How it is Performed
|Placement of gastric banding|
During the procedure, surgeons usually use laparoscopic techniques (using small incisions and long-shafted instruments) to implant an inflatable silicone band into the patient’s abdomen. Like a wristwatch, the band is fastened around the upper stomach to create a new, tiny stomach pouch that limits the amount of food you eat. It also creates a small outlet that slows the emptying process into the residual stomach and intestines. As a result, patients experience an earlier sensation of fullness, making it easier for patients to lose weight by consuming less food.
Minimal Surgical Trauma
One Since there is no division of the stomach, the gastric banding procedure is described as being less traumatic compared to other weight-loss surgeries. As with the gastric bypass, the laparoscopic approach to the surgery offers the advantages of reduced post-operative pain, shortened hospital stay and quicker recovery.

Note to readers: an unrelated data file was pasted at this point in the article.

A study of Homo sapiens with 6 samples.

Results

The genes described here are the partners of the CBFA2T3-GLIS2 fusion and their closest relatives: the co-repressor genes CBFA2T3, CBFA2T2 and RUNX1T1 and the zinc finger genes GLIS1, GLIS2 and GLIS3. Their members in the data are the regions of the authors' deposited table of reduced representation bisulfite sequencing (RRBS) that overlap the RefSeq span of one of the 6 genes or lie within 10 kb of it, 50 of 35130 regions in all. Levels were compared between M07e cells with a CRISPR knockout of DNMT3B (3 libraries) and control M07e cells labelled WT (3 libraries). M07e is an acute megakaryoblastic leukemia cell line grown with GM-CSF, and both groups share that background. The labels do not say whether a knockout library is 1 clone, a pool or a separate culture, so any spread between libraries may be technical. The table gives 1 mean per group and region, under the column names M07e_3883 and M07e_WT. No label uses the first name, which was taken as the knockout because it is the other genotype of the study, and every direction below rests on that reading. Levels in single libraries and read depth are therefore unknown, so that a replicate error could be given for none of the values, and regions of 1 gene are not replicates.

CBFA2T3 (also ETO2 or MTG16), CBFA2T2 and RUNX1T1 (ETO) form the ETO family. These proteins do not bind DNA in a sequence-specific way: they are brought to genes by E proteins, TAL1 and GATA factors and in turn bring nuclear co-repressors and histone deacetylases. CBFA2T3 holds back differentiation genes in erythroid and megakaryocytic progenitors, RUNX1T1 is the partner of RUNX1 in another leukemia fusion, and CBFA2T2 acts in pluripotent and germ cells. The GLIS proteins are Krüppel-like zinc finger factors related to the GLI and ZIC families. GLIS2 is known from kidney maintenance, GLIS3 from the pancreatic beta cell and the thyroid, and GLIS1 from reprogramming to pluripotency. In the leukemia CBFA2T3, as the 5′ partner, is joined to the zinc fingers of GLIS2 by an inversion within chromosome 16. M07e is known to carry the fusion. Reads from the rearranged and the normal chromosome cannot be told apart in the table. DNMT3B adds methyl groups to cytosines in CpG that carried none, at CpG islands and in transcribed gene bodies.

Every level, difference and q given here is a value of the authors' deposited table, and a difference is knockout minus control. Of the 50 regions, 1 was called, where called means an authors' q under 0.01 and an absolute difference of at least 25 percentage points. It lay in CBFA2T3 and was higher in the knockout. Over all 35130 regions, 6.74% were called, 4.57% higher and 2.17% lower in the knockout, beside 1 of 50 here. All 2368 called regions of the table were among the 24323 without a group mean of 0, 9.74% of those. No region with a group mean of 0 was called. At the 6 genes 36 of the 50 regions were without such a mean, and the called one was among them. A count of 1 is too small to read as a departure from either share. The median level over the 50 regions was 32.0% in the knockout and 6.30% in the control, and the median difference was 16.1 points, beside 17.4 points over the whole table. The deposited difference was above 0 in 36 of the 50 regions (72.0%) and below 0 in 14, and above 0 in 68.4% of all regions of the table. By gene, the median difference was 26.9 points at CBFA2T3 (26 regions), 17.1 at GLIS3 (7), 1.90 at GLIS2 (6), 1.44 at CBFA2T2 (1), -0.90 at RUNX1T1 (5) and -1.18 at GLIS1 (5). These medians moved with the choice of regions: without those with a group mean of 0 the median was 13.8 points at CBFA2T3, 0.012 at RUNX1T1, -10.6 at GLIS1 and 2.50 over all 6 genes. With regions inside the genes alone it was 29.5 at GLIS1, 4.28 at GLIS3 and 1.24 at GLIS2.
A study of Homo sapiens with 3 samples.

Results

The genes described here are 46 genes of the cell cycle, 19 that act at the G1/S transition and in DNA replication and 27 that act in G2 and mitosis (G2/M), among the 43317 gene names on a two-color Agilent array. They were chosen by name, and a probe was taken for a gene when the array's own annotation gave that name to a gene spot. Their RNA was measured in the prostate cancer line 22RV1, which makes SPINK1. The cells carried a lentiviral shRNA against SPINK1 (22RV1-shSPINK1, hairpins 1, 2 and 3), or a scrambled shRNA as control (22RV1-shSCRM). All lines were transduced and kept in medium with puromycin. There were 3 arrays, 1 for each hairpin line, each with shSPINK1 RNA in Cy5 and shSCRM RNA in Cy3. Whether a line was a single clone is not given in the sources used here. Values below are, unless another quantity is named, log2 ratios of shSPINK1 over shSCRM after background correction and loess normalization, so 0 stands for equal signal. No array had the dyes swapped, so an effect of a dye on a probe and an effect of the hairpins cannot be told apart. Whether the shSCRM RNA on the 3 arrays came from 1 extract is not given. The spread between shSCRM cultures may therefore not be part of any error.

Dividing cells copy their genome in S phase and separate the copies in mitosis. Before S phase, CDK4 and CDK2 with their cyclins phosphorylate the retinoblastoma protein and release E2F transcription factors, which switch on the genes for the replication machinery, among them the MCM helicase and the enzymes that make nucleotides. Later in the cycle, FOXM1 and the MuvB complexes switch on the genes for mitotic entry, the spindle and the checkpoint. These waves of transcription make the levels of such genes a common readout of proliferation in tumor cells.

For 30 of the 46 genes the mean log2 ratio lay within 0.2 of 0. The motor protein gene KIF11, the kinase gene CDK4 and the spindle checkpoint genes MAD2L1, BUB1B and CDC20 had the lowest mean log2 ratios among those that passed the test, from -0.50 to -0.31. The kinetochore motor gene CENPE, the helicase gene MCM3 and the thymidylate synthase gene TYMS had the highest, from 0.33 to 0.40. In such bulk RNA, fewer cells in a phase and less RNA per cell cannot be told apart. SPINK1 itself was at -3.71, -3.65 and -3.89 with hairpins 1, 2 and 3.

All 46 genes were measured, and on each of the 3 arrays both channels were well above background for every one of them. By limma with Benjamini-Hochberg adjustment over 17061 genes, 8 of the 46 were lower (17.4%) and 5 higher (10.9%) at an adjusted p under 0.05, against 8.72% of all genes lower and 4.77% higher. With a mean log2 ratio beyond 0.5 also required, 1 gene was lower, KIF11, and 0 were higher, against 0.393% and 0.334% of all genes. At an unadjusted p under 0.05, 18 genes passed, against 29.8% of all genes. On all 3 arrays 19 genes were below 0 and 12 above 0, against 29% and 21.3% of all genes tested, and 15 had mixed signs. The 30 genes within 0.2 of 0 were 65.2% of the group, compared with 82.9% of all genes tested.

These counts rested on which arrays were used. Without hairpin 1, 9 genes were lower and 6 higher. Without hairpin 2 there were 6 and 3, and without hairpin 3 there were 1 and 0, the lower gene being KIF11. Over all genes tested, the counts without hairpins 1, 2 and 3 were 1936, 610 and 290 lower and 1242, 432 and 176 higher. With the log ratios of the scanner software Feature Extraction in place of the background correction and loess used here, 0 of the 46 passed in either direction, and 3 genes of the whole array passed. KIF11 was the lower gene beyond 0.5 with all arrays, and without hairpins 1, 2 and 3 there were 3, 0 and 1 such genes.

Some of the improvements that have been made with respect to the band involve the adjustability. The new bands are more finely adjustable than the old ones. This has made it easier for doctors and patients to work together to find a “tightness” that is right for that individual patient. A patient has to be prepared to make frequent visits to the doctor’s office for these adjustments. If a patient lives far from their surgeon, and cannot return for frequent adjustments, then a band is not advisable for this person.
To modify the size of the band, its inner surface can be inflated or deflated with a saline solution, as indicated in the videos here:
The band is connected by tubing to an access port, which is placed below the skin on the upper abdomen during surgery. After the operation, the surgeon adjusts the amount of saline in the band by entering the port with a fine needle through the skin. Generally, patients require 4 (sometimes up to 10) adjustments in the initial months after surgery, to obtain the appropriate degree of “tightness” that will allow them to feel full on a small amount of food. The band may require further adjustments as months and years pass, so patients need to be committed to frequent doctor visits.